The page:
Corey Kluber has been one of my favorite pitchers since he burst onto the scene a few years ago. He doesn't have overpowering velocity, or a great fastball. Instead, he uses excellent command, a deep pitch repertoire, and one of the best breaking balls in baseball to succeed (his slider is great too). Or at least he did in 2014 and 2015. This year, things haven't gone well for Mr. Kluber.
As I write this on April 15 (his start on 4/17 is not included), he sits on a 4.85 ERA, backed up by a 4.73 FIP and 4.18 xFIP. His strikeout rate is down to 20% (basically average), his walk rate is up to 7.3%, which is still better than average but no longer elite, oh, and his fastball velocity is at a career low of 91.6 mph. Sure, it's early in the season and his home start against Boston was cold, but there are enough worrying signs here to dig deeper.
Get out your spade, put on your Red Wing boots, and start digging. First, he is at a career high HR/FB rate right now of 16.7%. That will almost certainly regress back to something closer to 10%. That only brings him down to his 4.18 xFIP, however, so there is much more here.
How about his swinging strike rate overall? Well, it's at a career-high 14.6%, so there's nothing wrong there. Is he getting behind in the count early? Nope, his first pitch strike rate is also at a career high of 69.1%. On top of that, hitters are actually making less contact than ever before, with a 69.7% contact rate. His out of zone swing rate is down 4% over last year, but that's not huge.
That 1 mph velocity drop I mentioned earlier hits all of his pitches about the same. He's throwing his slider 7% less than last season and his two-seam and four-seam fastballs are making up most of that difference with increased usage. Unfortunately, that doesn't really tell us much because those fastballs are actually doing better than ever for getting swings and misses this year.
We're about four feet underground at this point, time to dig a little deeper.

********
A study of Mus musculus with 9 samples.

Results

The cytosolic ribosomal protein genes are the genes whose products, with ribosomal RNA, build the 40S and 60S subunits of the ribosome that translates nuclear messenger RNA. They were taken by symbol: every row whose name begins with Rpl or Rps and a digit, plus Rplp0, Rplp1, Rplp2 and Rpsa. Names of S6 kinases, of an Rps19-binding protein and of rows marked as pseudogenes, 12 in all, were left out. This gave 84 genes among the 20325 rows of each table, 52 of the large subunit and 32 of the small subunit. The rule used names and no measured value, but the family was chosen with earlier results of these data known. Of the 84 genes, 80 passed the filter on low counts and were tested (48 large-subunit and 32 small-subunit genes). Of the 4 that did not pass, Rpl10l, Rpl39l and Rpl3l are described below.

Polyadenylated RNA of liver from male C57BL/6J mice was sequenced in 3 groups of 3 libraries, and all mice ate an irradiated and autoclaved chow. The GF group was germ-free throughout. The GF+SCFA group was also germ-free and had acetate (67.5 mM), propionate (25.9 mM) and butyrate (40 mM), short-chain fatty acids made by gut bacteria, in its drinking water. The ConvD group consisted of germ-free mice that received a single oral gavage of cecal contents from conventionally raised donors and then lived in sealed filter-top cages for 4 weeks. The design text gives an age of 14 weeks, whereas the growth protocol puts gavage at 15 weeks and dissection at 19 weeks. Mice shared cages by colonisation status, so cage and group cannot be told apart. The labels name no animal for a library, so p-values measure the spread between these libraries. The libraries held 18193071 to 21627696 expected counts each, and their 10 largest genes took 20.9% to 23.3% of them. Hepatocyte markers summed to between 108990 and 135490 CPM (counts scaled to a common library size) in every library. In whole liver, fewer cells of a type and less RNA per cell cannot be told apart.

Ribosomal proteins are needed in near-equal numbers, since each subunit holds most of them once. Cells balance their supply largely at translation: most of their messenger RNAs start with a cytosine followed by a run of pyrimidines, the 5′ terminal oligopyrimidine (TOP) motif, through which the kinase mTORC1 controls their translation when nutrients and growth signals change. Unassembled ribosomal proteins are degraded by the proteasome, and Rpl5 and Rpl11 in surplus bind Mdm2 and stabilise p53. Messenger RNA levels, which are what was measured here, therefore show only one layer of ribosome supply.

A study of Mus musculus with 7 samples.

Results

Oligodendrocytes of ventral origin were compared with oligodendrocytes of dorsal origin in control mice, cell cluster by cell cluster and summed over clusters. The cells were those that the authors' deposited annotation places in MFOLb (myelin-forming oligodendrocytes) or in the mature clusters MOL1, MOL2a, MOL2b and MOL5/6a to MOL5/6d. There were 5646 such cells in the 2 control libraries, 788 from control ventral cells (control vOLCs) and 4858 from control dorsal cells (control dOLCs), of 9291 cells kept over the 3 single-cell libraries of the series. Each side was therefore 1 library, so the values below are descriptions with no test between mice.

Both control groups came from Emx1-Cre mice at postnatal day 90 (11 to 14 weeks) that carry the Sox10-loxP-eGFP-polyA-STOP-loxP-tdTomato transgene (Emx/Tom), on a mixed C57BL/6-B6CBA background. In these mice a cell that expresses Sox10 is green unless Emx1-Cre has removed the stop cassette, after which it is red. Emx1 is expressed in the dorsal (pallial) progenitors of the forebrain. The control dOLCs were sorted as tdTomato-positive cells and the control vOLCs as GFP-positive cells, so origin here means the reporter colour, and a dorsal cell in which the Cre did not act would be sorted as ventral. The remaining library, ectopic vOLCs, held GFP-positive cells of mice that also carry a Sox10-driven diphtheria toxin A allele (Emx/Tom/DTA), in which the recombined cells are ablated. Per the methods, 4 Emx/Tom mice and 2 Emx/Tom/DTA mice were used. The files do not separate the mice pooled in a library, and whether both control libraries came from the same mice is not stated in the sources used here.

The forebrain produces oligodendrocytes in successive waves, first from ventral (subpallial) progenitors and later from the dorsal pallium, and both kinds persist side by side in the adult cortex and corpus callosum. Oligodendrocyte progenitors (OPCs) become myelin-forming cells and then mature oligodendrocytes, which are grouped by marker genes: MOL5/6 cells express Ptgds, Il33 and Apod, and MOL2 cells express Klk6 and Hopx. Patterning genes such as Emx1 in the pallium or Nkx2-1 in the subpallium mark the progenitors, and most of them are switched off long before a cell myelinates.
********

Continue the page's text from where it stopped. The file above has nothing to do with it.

Here are heat maps showing where Kluber has pitched so far this season. First, his 2015 heat map, then the 2016 one.
Basically, he's throwing more low in the zone in that row of squares at the bottom, at the extreme low and inside for left-handed batters and inside to right-handed batters. All that pitching low has increased his ground ball rate, as you would expect (up 6% over last year). There isn't much else to note here.
How about his batted ball data? Well, I'm glad I asked. His hard-hit % has actually gone down 4% over last year, despite the poor results. There are two interesting things in his batted ball data, however. First, hitters are pulling the ball on him like never before, at a 46% clip. His previous high was 40%. Just a guess, but I imagine the reduced velocity leads to more hitters able to pull the ball against him. Second, he hasn't forced a pop-up yet this year. Those are basically automatic outs and his infield fly % last year was 7.8%, which was below the league average of 9.5%, but still something.
I have one last thing for show-and-tell here. This is a graph of his velocity over the last three seasons.
Note: shout out to the wonderful Fangraphs for these charts.
You can see that the last four starts of 2015 and the first two this year show similar poor fastball velocity. His Cy Young season over there in 2014 has him routinely in the 93-94 mph range. When he's down at 91, he's just not as dominant, like most pitchers. That extends to those last four starts in September and October, as well. His ERA in those was 4.15 with a 3.92 FIP. His HR/FB ratio was also at an elevated 15% in those starts.
Let's summarize all of this data. Kluber's been pitching poorly (really since September of last year). His strikeout "stuff" is as good as it has ever been. His walks are up a little, but it's not concerning. Hitters are pulling the ball more (40+% since September) and hitting more homers against him. His pitches are as deceptive as ever and seem to be very effective.
In the end, all we can say is that his velocity drop is the only real cause for his poor performance, as it allows hitters to pull the ball more and hit for more power. His poor K% is likely to bounce right back to normal, along with his walk rate. However, until his velocity returns to the 93 mph range, I'm not sure he can recapture his former success. At this lower velocity, he becomes just a very good pitcher, not an elite one.
Keep a close eye on that velocity as the weather warms up and he gets deeper into the season. If it doesn't show signs of improving, you might want to sell Kluber while he still has that ace shine on him. Tschus!